Part of a series or song cycle:

Zwölf Gedichte aus „Liebesfrühling“ (Op. 37)

This song was recorded on the album 'Robert and Clara Schumann: Rückert Lieder' on Stone Records (in collaboration with BBC Music Magazine). Featuring every piano-accompanied setting of the poet Friedrich Rückert by both Robert and Clara Schumann, including duets and ensembles, it was recorded in preparation for Oxford Lieder's The Schumann Project in 2016.

Click here to listen to this song with Robert Murray and Sholto Kynoch, or click here to buy the CD from Stone Records.

Flügel! Flügel! um zu fliegen

Flügel! Flügel! um zu fliegen
Über Berg und Tal,
Flügel, um mein Herz zu wiegen
Auf des Morgens Strahl.
Flügel, übers Meer zu schweben
Mit dem Morgenrot,
Flügel, Flügel übers Leben,
Über Grab und Tod!
Flügel, wie sie Jugend hatte,
Da sie mir entflog,
Flügel wie des Glückes Schatten,
Der mein Herz betrog!
Flügel, nachzufliehn den Tagen,
Die vorüber sind!
Flügel, Freuden einzujagen,
Die entflohn im Wind.
Flügel, gleich den Nachtigallen,
Wann die Rosen blühn,
Aus dem Land, wo Nebel wallen,
Ihnen nachzuziehn!
Ach! von dem Verbannungsstrande,
Wo kein Nachen winkt,
Flügel nach dem Heimatlande,
Wo die Krone blinkt!
Freiheit, wie zum Schmetterlinge
Raupenleben reift,
Wenn sich dehnt des Geistes Schwinge
Und die Hüll’ entstreift!
Oft in stillen Mitternächten
Fühl’ ich mich empor
Flügeln von des Traumes Mächten
Zu dem Sternentor.
Doch gewachsenes Gefieder
In der Nächte Duft,
Mir entträufeln seh’ ich’s wieder
An des Morgens Luft.
Sonnenbrand den Fittich schmelzet,
Ikar stürzt ins Meer,
Und der Sinne Brausen wälzet
Überm Geist sich her.

Wings! Wings!

Wings! Wings! To fly
Over hill and dale,
Wings, that my heart might float
On shafts of morning light.
Wings, to soar over the sea
With the dawn,
Wings, wings to soar above life,
Above the grave and death!
Wings, such as youth had,
That now have flown away,
Wings, like rapture’s shadow
That deceived my heart!
Wings, to fly after days
Now fled!
Wings, to hunt down joys
Now blown away on the wind!
Wings, like nightingales,
When roses bloom,
To escape this land of mists
And fly in search of them!
Ah! From exile’s shore,
Where no ship can be seen,
To wing to the homeland
Where my crown is gleaming!
O for freedom, as when butterflies
Slip from the chrysalis,
When it splits
And nature’s spirit spreads its wings!
Often during silent midnights
I feel myself winged aloft
By the power of dreams
To the gateway of the stars.
Yet the wings I grew
In the fragrant night
I now see vanish
In the morning breeze.
The scorching sun melts my pinions,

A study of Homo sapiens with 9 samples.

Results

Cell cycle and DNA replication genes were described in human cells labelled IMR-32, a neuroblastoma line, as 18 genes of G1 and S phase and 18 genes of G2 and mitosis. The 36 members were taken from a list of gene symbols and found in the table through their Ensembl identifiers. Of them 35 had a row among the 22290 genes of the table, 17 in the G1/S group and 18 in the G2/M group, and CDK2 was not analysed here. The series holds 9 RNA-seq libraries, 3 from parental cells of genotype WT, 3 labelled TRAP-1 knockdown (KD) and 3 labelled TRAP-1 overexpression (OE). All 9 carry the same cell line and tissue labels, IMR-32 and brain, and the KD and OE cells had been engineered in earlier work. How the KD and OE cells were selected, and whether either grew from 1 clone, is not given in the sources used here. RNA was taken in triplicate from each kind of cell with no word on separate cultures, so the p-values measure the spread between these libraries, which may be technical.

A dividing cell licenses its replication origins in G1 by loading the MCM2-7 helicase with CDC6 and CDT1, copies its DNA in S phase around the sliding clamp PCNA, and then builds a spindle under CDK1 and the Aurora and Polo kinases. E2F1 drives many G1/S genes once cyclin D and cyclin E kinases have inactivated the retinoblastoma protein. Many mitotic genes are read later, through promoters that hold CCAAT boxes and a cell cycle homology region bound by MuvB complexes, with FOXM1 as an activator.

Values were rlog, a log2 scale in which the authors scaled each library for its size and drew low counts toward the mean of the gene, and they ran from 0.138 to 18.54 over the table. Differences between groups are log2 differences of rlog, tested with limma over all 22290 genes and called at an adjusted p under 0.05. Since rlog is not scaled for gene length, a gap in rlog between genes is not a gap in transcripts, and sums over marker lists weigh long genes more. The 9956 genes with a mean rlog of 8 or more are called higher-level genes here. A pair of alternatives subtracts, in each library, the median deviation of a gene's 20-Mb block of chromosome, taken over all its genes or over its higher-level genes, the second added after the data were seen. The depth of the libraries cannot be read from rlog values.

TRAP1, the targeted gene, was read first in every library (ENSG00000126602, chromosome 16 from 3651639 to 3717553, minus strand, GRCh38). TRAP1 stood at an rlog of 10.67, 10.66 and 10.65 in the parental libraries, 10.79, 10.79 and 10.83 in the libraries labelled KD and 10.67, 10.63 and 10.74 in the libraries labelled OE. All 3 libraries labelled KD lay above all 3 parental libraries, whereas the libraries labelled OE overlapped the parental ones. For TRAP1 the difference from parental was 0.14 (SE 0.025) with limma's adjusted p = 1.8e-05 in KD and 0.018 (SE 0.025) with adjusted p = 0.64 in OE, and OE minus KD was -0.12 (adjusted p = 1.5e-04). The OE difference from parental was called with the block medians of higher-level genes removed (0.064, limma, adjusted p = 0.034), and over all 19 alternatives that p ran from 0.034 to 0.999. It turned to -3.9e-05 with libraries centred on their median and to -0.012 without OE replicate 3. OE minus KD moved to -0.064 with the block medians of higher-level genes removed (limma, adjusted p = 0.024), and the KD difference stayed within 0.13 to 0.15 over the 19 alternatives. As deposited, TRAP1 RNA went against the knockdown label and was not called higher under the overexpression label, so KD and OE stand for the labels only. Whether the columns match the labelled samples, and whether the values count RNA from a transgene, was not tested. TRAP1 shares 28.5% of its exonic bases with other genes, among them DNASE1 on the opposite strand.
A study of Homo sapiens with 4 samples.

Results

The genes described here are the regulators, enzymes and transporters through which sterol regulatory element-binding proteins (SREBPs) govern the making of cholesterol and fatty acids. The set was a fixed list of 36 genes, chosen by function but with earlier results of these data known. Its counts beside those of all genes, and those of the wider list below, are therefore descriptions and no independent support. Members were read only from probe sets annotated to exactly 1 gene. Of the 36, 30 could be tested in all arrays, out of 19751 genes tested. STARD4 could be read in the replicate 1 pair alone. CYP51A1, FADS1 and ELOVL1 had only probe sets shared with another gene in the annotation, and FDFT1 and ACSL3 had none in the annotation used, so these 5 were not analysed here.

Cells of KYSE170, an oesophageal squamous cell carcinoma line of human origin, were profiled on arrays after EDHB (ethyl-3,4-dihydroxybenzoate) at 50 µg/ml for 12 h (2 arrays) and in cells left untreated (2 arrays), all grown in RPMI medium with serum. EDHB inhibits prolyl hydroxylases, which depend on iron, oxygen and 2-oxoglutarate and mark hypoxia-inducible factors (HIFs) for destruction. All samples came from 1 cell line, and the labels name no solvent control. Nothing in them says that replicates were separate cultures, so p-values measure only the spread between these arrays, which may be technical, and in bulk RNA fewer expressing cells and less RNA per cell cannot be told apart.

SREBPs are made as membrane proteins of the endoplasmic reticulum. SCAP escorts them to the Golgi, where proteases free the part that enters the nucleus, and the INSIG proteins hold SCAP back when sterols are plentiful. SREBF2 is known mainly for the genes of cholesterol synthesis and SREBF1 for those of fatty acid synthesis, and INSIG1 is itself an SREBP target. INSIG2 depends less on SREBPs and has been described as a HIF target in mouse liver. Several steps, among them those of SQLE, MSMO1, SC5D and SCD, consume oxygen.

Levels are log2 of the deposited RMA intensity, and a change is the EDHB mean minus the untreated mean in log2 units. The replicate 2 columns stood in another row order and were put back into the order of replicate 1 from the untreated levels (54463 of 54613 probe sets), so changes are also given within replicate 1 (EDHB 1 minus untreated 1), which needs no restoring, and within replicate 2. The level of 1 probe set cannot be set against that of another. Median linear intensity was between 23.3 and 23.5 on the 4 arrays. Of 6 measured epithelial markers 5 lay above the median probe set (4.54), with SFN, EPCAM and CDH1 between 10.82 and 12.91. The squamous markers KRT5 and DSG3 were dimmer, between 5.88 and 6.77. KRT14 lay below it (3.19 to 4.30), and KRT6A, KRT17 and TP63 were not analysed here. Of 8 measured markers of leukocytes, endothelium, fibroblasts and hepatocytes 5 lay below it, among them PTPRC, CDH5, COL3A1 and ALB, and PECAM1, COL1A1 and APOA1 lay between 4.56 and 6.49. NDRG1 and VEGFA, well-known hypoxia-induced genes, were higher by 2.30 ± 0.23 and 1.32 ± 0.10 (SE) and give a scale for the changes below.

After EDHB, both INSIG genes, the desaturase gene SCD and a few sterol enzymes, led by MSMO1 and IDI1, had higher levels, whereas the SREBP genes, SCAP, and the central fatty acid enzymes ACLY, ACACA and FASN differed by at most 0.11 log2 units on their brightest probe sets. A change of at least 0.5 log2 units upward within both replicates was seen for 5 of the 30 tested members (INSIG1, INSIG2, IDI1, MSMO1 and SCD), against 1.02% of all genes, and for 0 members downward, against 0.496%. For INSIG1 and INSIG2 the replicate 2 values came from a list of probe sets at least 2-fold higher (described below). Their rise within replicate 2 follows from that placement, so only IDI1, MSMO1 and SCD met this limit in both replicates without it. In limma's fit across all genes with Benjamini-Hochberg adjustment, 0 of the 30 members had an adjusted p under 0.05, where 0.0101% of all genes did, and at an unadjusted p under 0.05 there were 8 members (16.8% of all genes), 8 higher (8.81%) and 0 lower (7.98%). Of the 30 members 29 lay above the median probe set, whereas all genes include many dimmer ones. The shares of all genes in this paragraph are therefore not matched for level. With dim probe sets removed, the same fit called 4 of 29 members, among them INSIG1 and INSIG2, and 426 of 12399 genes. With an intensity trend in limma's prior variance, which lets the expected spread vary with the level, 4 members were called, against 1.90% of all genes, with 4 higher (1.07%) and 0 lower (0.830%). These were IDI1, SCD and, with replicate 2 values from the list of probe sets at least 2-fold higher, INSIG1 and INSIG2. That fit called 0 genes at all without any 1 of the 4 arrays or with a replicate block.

Icarus plunges into the sea,
And the pulse of the senses
Spills over the spirit.
Translations by Richard Stokes, author of The Book of Lieder (Faber, 2005)


Schumann's published compositions were written exclusively for the piano until 1840; he later composed works for piano and orchestra; many Lieder (songs for voice and piano); four symphonies; an opera; and other orchestral, choral, and chamber works. Works such as KinderszenenAlbum für die JugendBlumenstück, the Sonatas and Albumblätter are among his most famous. His writings about music appeared mostly in the Neue Zeitschrift für Musik (New Journal for Music), a Leipzig-based publication which he jointly founded.

In 1840, Schumann married Friedrich Wieck's daughter Clara, against the wishes of her father, following a long and acrimonious legal battle, which found in favor of Clara and Robert. Clara also composed music and had a considerable concert career as a pianist, the earnings from which formed a substantial part of her father's fortune.

Schumann suffered from a lifelong mental disorder, first manifesting itself in 1833 as a severe melancholic depressive episode, which recurred several times alternating with phases of ‘exaltation’ and increasingly also delusional ideas of being poisoned or threatened with metallic items. After a suicide attempt in 1854, Schumann was admitted to amental asylum, at his own request, in Endenich near Bonn. Diagnosed with "psychotic melancholia", Schumann died two years later in 1856 without having recovered from his mental illness.


Rückert was born at Schweinfurt and was the eldest son of a lawyer. He was educated at the local Gymnasium and at the universities of Würzburg and Heidelberg. From 1816–1817, he worked on the editorial staff of the Morgenblatt at Stuttgart. Nearly the whole of the year 1818 he spent in Rome, and afterwards he lived for several years at Coburg (1820–1826). Rückert married Luise Wiethaus-Fischer there in 1821. He was appointed a professor of Oriental languages at the University of Erlangen in 1826, and, in 1841, he was called to a similar position in Berlin, where he was also made a privy councillor. In 1849 he resigned his professorship at Berlin, and went to live full-time in his Gut (estate) at Neuses (now a part of Coburg).

When Rückert began his literary career, Germany was engaged in her life-and-death struggle with Napoleon; and in his first volume, Deutsche Gedichte (German Poems), published in 1814 under the pseudonym Freimund Raimar, he gave, particularly in the powerful Geharnischte Sonette (Sonnets in Arms/Harsh Words), vigorous expression to the prevailing sentiment of his countrymen. During 1815 to 1818 appeared Napoleon, eine politische Komödie in drei Stücken (Napoleon, a Political Comedy in Three Parts) of which only two parts were published; and in 1817 Der Kranz der Zeit (The Wreath of Time).

Taken from Wikipedia. To view the full article, please click here.